Here is a story you don’t see much, corrupt cop guilty of tax evasion. But that’s the big story on Second City Cop, a well read Chicago P.D. blog. According to records obtained from the U.S. District Court in Chicago, veteran Chicago Police Department Lieutenant Erroll Davis is pleading guilty to a single felony count of filing a false income tax return. (Second City Cop reported the guilty plea; court records were last updated on December 5th indicate a signed plea agreement by Davis.)
The government says that Davis helped facilitate a fraudulent real estate transaction. According to the plea agreement, a person only identified as “Individual A” referred Davis to a bank officer by the name of Robert Michael at Citizens Bank and Trust of Chicago. Davis was seeking to finance an apartment building in order to assist “Individual A”.
Not only did Davis lie on the bank’s loan application, prosecutors say he received a $30,000 kickback from Individual A. By not declaring the kickback as income, the government claims he filed a false tax return.
Although the feds have not yet named the mysterious Individual A, Second City Cop identifies her as former Country Club Hills (Illinois) Police Chief Regina Evans. Evans has her own problems; she was charged by state prosecutors with misusing grant monies.
Robert Michael, the former CEO of Citizens Bank, was also indicted. He was charged with bank fraud and money laundering. Those charges carry a maximum sentence of 30 years and 10 years, respectively.
As part of his plea deal, Lieutenant Davis agreed to cooperate with federal agents and prosecutors. That turns up the heat on all the others who may be involved with this fraud including Chief Evans and Michael. The lawyer who handled the real estate closing and allegedly wrote the kickback check may also be in trouble.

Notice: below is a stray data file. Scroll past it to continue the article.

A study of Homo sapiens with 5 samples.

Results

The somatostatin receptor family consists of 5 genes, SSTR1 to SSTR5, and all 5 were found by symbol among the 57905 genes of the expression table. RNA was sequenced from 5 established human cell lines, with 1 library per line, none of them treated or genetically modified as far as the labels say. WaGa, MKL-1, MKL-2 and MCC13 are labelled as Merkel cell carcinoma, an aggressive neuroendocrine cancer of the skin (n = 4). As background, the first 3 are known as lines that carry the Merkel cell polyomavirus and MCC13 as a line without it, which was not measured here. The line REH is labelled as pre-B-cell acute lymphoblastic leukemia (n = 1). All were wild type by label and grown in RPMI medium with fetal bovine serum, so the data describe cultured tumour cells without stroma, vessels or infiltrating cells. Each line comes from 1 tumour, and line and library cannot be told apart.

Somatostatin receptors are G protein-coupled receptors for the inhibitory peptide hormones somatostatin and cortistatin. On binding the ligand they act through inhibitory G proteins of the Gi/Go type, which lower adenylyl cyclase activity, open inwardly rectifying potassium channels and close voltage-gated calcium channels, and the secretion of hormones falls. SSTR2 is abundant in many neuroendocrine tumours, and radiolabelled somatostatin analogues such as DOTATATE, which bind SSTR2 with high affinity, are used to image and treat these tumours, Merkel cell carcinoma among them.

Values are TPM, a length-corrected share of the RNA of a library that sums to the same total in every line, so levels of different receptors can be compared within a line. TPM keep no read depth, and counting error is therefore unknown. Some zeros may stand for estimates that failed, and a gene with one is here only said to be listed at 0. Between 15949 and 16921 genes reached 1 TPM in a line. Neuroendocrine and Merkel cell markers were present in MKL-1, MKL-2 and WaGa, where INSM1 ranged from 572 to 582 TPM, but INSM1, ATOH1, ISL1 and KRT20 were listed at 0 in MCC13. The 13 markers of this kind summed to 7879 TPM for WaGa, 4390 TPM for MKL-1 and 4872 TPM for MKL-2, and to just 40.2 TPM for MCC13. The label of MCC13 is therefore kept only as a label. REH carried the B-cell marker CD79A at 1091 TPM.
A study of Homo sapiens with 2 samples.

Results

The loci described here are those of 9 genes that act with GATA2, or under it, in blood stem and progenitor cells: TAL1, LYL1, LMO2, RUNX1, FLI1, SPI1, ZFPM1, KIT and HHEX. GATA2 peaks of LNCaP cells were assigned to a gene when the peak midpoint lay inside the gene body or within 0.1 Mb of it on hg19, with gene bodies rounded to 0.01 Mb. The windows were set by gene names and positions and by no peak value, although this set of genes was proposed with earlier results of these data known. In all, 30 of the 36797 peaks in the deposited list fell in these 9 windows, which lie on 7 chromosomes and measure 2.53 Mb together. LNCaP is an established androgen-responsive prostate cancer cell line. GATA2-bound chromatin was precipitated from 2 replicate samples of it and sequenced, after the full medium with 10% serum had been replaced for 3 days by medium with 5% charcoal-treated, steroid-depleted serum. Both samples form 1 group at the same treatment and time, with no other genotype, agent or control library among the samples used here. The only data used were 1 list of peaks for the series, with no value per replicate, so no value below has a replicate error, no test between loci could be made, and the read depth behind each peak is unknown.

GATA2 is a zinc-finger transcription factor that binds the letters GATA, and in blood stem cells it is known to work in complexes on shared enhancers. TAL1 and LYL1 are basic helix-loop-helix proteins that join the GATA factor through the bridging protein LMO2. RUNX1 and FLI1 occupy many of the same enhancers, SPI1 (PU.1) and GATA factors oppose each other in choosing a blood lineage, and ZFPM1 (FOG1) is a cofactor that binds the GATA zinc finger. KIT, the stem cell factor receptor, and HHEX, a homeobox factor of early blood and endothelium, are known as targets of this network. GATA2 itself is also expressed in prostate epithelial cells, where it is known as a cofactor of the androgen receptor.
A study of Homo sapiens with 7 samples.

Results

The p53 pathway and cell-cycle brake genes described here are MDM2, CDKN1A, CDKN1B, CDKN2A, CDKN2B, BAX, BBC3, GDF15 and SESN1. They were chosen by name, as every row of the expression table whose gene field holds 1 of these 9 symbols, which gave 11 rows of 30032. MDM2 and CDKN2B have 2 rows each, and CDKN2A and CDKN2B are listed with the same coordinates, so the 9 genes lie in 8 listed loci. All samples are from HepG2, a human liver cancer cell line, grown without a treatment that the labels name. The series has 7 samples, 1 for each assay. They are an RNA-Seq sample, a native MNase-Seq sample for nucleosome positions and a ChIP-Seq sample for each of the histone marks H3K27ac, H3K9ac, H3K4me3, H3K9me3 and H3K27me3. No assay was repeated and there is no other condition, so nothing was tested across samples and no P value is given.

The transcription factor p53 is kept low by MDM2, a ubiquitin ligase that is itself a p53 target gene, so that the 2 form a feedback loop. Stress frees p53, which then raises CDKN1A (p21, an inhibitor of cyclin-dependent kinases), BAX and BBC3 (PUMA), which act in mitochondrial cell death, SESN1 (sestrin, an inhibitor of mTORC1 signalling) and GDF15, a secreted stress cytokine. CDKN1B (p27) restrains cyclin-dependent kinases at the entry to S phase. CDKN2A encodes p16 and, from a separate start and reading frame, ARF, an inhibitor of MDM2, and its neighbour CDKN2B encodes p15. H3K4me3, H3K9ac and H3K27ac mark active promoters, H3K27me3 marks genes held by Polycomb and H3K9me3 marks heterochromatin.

We frequently see that the first one to make a deal with federal prosecutors often gets the best deal. Under federal sentencing guidelines, Davis’ likely sentence is 12 to 18 months. We believe that his cooperation will garner a sentence of under 1 year and perhaps less, however.
If you are charged with a white collar crime by the U.S. Justice Department, having an experienced criminal tax attorney is critical. The rules regarding tax evasion and money laundering cases are very complex and unique.
Not only is finding a great lawyer critical, hiring him or her quickly is also important. As the story suggests, the first one to cooperate usually gets the best deal. Court records indicate that Davis’ indictment was unsealed on November 14th. Two weeks later, he had a signed plea deal with prosecutors that may allow him to avoid ever having to see the inside of a prison cell.
If you are charged with filing false returns, tax evasion, conspiracy to defraud the IRS, or willful failure to file tax returns; contact us immediately. One of our experienced criminal tax attorneys can help protect your freedom. For more information, contact attorney Brian Mahany at or by telephone (414) 704-6731 (direct). All inquiries are protected by the attorney – client privilege and kept in strict confidence. We accept IRS criminal cases nationwide.